President Obama is a quiet supporter of District statehood. (AFRO File Photo)

In his recent State of the Union (SOTU) address delivered to both chambers of the United States Congress before an international audience, President Obama didn’t mention his support of District statehood and that disappointed statehood activists and District residents.

On Jan. 20, Obama talked in a 70-minute address about the importance of providing economic relief for the country’s struggling middle class and his administration’s fight against terrorism and for democracy around the globe. However, activists for D.C. statehood noted somberly that the president failed to mention their own fight for democracy-the lack of voting rights in the national legislature despite paying federal taxes.

“I am extremely disappointed in the president,” Eugene Puryear, a leader in the DC Ferguson movement, said. “He came into office in 2009 stressing that he would be an active D.C. resident. We had hoped that he would not be like most politicians and pay lip service to D.C. becoming the 51 state.”

Politically, District residents have been strongly supportive of the president. On Feb. 12, 2008, Obama, then a presidential candidate, won the District’s presidential preference primary, 75 percent to Hillary Clinton’s 23 percent.

Obama, then the Democratic Party’s presidential nominee, won the District’s three electoral vote in the Nov. 4, 2008 general election with 92.46 percent of the vote.

In his bid for re-election in the general election on Nov. 6, 2012, Obama took 90.91 percent of the vote. This contrasts with President Bill Clinton’s re-election numbers in the city in 1996 with 85 percent supporting.

Obama has visited a number of District landmarks such as Ben’s Chili Bowl on U Street and volunteered with community projects around the city. He treats D.C. Del. Eleanor Holmes Norton (D) as a senator in matters such as selection of federal and District judges.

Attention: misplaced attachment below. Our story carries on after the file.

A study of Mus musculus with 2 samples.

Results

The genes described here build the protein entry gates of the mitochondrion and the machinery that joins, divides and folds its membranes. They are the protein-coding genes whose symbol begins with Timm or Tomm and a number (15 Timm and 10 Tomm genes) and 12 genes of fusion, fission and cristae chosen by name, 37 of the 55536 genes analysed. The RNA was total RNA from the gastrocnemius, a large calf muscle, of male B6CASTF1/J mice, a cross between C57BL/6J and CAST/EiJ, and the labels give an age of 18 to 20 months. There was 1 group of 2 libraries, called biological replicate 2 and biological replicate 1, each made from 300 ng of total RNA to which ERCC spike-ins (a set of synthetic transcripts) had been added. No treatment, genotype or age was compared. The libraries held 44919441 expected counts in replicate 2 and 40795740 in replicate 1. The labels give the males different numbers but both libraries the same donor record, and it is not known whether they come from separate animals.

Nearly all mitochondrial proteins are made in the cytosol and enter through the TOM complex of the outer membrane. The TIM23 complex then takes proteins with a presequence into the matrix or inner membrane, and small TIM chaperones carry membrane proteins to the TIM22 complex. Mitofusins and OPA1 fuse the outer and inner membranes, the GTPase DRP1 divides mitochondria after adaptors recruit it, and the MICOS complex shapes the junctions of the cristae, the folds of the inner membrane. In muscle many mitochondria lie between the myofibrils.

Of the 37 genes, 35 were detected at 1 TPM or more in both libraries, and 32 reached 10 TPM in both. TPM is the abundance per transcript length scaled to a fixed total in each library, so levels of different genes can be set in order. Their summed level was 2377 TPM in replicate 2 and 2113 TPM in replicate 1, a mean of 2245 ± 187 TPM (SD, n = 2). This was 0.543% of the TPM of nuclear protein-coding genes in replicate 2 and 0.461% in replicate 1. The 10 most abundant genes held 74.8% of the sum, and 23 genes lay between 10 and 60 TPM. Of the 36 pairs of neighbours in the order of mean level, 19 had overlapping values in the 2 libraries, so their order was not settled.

On July 21, 2014, before a District audience at the Walker Jones Education Campus, he stated his support for statehood.

“I’m for it,” he said at the meeting.

However, statehood activists note that it was not until recently that he put the “Taxation without Representation” license plates on the presidential limousine and in 2011; he negotiated a budget deal with House Speaker John Boehner (R-Ohio), without consulting city leaders, which included a ban on publicly-funded abortions in the District. Norton, a strong Obama supporter, has expressed wariness on the president’s part to mention the District’s plight in his SOTU addresses.

“The president has neglected once again to find three or four words to say about the disempowerment of the District of Columbia,” Norton said after his 2014 address.

Anise Jenkins is a veteran activist for statehood and a leader in the Stand Up for Democracy! organization. Jenkins was among a number of statehood activists who watched Obama deliver his speech at the Busboys and Poets restaurant on 14th Street.

Jenkins said that the president needs to embrace statehood as one of his causes.

“He needs to step up to the plate,” she said. “He has the power to make this a national issue.”

Josh Burch, a leader in the Neighbors United for DC Statehood, launched a White House petition urging Obama to mention the District in his SOTU. However, the petition has gotten only 1,200 signatures and generally it takes about 100,000 for the White House to respond to one.

Burch wrote a letter to Obama on Jan. 4 requesting that he mention District statehood.

“Mr. President, from one person who believes in the promise of our country to another, from one dad to another, I ask you to speak out and speak up for D.C. statehood in your State of the Union,” Burch said. “Let the nation know that we in the District fulfill all obligations of citizenship yet are denied some of its most basic rights: the right to full and equal congressional representation and the right to be the final arbiters of our local affairs.”

However, some statehood supporters don’t entirely blame Obama.

“Forget Obama mentioning vote less D.C.,” tweeted longtime statehood activist Mark Plotkin Jan. 20. “ Bowser and Norton never made a request for a mention in the SOTU. And we wonder why we are ignored.”

Bowser joined Norton as her guest at the SOTU address.”

Puryear said that if Obama would have mentioned the District’s political plight, even briefly, that would have enormous benefits for the statehood movement.

“That would give the statehood a public relations push forward,” he said. “We could have contacted our friends and family around the country to alert them about D.C. statehood. We would seize the opportunity.”

Jenkins said the next step is to get more District residents involved in the fight for statehood.

“We need to educate and energize our residents,” she said. “D.C. residents are the ones who are directly affected. We need to get out in the streets and be loud about this.”